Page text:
WHO Declares Monkeypox an International Public Health Emergency

The World Health Organization declared the global outbreak of monkeypox a public health emergency of international concern. The same designation was used for outbreaks of diseases such as COVID-19 and Ebola.

The WHO defines a public health emergency of international concern as “an extraordinary event” that constitutes a public health risk to other countries through the international spread of disease. The label is necessary to trigger a coordinated global response.

“We have an outbreak that has spread around the world rapidly, through new modes of transmission, about which we understand too little,” WHO Director-General Dr. Tedros Adhanom Ghebreyesus said on Saturday during the press briefing in Geneva.

Tedros admitted deciding to designate the monkeypox outbreak as an international public health emergency despite the lack of consensus in the Emergency Committee under the International Health Regulations, which met on Thursday.

There are more than 16,000 reported cases from 75 countries and territories and five deaths. Since May, the U.S. has recorded more than 2,500 cases.

Despite the designation, currently, the outbreak is concentrated among men who have sex with men, especially those with multiple sexual partners, Tedros said.

“That means this is an outbreak that can be stopped with the right strategies in the right groups,” he added.

Tedros also warned that “stigma and discrimination can be as dangerous as any virus.”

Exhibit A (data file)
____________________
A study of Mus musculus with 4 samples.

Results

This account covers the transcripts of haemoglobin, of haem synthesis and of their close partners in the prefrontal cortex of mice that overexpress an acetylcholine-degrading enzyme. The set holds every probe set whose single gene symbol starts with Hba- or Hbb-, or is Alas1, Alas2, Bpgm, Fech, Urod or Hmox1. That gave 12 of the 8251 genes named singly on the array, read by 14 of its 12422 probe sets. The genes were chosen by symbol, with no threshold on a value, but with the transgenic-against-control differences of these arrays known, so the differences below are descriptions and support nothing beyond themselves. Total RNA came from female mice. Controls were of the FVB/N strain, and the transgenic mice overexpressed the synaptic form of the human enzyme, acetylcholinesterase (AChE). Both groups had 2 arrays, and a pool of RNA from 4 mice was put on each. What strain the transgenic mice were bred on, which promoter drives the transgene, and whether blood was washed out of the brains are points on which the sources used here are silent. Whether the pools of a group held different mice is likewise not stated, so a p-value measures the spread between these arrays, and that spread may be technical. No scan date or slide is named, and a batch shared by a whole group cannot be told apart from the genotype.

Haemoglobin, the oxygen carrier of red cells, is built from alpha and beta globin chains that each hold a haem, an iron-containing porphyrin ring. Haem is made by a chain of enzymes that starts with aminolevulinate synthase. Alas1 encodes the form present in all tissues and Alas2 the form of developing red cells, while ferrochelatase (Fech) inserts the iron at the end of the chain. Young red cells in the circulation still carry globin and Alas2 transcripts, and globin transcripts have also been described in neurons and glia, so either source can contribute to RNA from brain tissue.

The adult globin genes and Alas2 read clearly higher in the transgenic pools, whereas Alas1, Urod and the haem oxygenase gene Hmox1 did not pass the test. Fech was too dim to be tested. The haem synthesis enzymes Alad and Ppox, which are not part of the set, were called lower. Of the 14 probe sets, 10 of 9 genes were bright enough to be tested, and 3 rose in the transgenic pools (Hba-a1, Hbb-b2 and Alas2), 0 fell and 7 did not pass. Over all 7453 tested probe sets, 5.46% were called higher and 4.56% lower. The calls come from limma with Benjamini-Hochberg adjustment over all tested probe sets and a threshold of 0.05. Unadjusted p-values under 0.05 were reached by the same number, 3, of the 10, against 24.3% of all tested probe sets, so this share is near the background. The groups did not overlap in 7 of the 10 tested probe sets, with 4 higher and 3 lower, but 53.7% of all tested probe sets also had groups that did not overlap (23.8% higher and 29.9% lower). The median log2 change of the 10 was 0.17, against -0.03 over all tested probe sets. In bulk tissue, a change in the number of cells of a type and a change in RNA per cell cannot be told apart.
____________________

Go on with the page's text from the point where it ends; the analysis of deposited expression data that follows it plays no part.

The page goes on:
A month ago, the Emergency Committee under the International Health Regulations decided that the monkeypox outbreak did not represent a public health emergency of international concern. At that time, 3,040 cases of monkeypox had been reported to the WHO from 47 countries.

Since 2007 the World Health Organization has used this label for H1N1 flu, Ebola, poliomyelitis, Zika, and COVID-19.

According to the Centers for Disease and Control Prevention, monkeypox is mainly spreading through close, intimate contact, such as:

  • Direct contact with the infectious rash, scabs, or body fluids.
  • Respiratory secretions during prolonged, face-to-face contact or intime physical contact, such as kissing, cuddling, or sex.
  • Touching items (such as clothing or linens) that previously touched the infectious rash or body fluids.
  • Pregnant people can spread the virus to their fetus through placenta.

Symptoms of monkeypox can include fever, headache, muscle aches and backache, swollen lymph nodes, chills, exhaustion, and a rash that can look like pimples or blisters that appear on the face, inside the mouth, and on other parts of the body, like the hands, feet, chest, genitals, or anus.

The illness typically lasts 2-4 weeks.